This Paris Life


After months of deliberation, la loi Elan has just been definitively adopted by Parliament and published in the Journal officiel.  Although it most notably imposes new city planning legislation, it also includes measures that help homeowners, especially those who rent out their apartment in Paris.


Flexible rental agreements

Property owners will be able to rent out their furnished apartments for a short-term period of one to ten months to renters who are either “in vocational training, studying in a higher education institution, under apprenticeship or internship, volunteering as part of a civic service, in the middle of a job transfer, or on temporary assignment“.  The non-renewable lease can be extended up to ten months maximum if need be and will be rent capped.  The tenant has the right to move out at any time, without justification, so long as he or she gives one month’s notice. The renter is also exempt from paying a security deposit.  Utility charges are fixed by the owner and if renting to multiple tenants, a clause de solidarité, which would force one tenant to pay the rent if another is unable, cannot be included in the lease.  Instead, owners benefit from a guarantor system put in place by Action logement, which would protect them from delinquencies.  If the renter wishes to stay longer than ten months, he or she must sign a new, classic lease agreement for a furnished apartment.


Rent caps

Reversing the French administration’s decision to outlaw rent caps in Paris and Lille, la loi Elan authorizes jurisdictions to institute rent caps on a trial basis for a duration of five years.  Laws punishing those who fail to comply have been reinforced.  Property owners will have to repay any sum received that is over the rent cap limit and will be fined €5,000 (€15,000 if the space belongs to company).  Already, Paris has announced its intention to establish rent caps on a permanent basis, though it has not done so yet. 



Landlords will no longer have to provide tenants with a hard copy of property regulations and home inspection & risk assessment results (energy performance of the property, natural disaster risks, presence of lead, property measurements, the state of the property’s electricity and gas systems) at the signing of the lease.  These documents can henceforth be sent electronically to the tenant.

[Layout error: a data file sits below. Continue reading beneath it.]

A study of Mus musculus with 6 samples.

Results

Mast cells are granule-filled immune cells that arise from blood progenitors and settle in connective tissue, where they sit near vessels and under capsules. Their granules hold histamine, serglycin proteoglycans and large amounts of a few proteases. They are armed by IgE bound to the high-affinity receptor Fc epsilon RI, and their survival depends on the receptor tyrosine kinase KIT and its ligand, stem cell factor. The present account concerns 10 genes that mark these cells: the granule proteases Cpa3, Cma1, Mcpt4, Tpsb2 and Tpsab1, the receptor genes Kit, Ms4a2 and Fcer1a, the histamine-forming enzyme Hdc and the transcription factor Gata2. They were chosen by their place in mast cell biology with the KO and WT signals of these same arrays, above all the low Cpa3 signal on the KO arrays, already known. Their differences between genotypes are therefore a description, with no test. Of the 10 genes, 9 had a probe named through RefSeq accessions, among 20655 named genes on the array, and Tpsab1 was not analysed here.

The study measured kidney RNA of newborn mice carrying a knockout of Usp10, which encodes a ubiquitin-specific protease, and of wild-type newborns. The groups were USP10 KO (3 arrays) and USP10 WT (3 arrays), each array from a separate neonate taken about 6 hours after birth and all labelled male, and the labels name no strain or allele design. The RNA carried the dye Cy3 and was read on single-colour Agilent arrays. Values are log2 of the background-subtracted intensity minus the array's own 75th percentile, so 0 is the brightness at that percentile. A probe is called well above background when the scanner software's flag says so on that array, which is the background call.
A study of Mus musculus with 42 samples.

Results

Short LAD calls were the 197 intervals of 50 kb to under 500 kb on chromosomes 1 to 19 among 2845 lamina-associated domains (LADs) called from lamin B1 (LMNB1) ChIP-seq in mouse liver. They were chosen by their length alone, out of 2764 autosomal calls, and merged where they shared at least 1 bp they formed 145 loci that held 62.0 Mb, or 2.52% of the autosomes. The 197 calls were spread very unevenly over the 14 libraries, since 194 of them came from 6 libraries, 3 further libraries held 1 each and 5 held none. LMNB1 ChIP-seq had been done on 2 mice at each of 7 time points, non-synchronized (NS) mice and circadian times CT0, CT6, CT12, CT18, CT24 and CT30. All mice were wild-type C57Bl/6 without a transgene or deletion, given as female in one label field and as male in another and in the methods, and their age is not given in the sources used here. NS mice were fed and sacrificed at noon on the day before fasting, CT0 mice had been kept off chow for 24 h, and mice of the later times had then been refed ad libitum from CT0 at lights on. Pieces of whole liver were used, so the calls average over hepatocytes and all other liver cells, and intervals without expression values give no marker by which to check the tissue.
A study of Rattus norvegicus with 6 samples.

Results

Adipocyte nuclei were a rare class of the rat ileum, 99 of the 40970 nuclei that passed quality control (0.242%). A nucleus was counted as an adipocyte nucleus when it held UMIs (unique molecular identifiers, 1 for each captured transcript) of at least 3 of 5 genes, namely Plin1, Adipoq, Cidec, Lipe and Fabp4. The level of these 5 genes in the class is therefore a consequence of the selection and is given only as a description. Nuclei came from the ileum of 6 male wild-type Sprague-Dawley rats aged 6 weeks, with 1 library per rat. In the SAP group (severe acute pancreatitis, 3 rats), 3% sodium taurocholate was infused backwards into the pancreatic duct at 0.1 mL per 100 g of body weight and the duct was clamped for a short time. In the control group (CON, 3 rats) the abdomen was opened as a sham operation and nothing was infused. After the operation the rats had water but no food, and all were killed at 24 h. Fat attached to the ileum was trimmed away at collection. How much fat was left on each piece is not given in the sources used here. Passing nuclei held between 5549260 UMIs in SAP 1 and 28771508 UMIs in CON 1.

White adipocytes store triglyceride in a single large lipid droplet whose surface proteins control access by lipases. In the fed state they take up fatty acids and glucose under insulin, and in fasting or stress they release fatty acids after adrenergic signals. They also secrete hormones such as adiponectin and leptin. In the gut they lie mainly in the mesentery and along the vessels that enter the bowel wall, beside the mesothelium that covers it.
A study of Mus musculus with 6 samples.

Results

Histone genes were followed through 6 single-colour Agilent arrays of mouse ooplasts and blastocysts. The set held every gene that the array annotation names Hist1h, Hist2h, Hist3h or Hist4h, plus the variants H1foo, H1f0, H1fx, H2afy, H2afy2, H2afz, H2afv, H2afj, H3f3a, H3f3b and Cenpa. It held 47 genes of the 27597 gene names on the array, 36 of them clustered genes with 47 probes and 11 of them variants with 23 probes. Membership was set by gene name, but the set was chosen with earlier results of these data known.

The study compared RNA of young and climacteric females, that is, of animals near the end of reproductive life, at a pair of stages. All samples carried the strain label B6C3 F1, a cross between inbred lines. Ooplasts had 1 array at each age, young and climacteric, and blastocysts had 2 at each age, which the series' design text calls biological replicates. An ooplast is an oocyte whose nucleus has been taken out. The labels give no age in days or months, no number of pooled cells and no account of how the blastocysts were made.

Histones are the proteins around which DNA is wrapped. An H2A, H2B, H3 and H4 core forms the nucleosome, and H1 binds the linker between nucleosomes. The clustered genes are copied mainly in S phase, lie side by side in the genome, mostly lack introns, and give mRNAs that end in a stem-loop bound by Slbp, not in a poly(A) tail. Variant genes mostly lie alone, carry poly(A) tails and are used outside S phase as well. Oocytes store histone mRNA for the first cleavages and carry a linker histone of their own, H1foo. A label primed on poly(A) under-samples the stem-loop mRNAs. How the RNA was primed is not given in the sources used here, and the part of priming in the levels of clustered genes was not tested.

The law gives a precise definition as to what exactly squatting entails: “the unlawful intrusion onto someone else’s property by trespassing.” It authorizes the immediate expulsion of the occupants from the premises regardless of the time of year, ending the law that once forbade said expulsion between November 1st and March 31st.


The new CITE (Crédit d’impôt pour la transition énergétique)

The CITE, Crédit d’impôt pour la transition énergétique, has been extended until December 31st, 2019.  With this tax credit, property owners making energy efficient renovations to their main residence will receive a tax deduction covering part of renovation costs.  If you don’t pay taxes, or if you spend more on the renovations that you pay in taxes, the French Ministry of Finance will pay the difference. 

It is important to note, however, that qualifying reimbursement costs are limited to €8,000 for a single person and €16,000 for a couple, with an extra €400 allowed per dependent.  Anyone can benefit from the CITE, regardless of income, but only certain renovations are eligible.  For example, if replace your single-pane windows, you are entitled to a tax credit of 15%, while the installation of an energy-efficient heating system, entitles you to a tax deduction of 30%.


Slight changes to la loi Pinel

Extended until December 31st, 2021, la loi Pinel provides for an income tax cut equal to either 12, 18, or 21% of the purchase price of a new apartment.  To take advantage, investors must purchase a new apartment in an area that with short housing supply and rent out this space for 6, 9, or 12 years to households meeting certain income conditions.  Interested investors cannot spend more than €300,000/year, or €5,5000/m2, and can purchase a maximum of two apartments per year.

Changes to the law have been made concerning expats: “Before, an investor taking advantage of la loi Pinel who later became a foreign tax resident lost the tax savings provided under the law during their time abroad,” recalls Cristophe Chaillet, Director of Wealth Engineering at HSBC France. “Now, he or she can keep these savings through a French income tax deduction.”


Tax exemption for non-residents

Previously, if you left France and sold your main residence once you settled abroad, your capital gains were taxed, after deductions based on the duration of ownership.  As of January 1st, this taxation can be avoided, provided the signing of the sale takes place no later than December 31st of the year following your departure.


Exemptions from social security contributions

As of January 1st, those settling in a country in the European Union, the European Economic Area, or Switzerland that can prove they have contributed to a local compulsory social security scheme will only pay 7.5% of the social security contributions on their French income (instead of 17.2%). This measure also applies to any income gained from renting a property in France. Also worth noting, “the reduced rate also applies to the sale of a property taxed on capital gains,” says Christophe Chaillet.

Contact Paris Property Group to learn more about buying or selling property in Paris.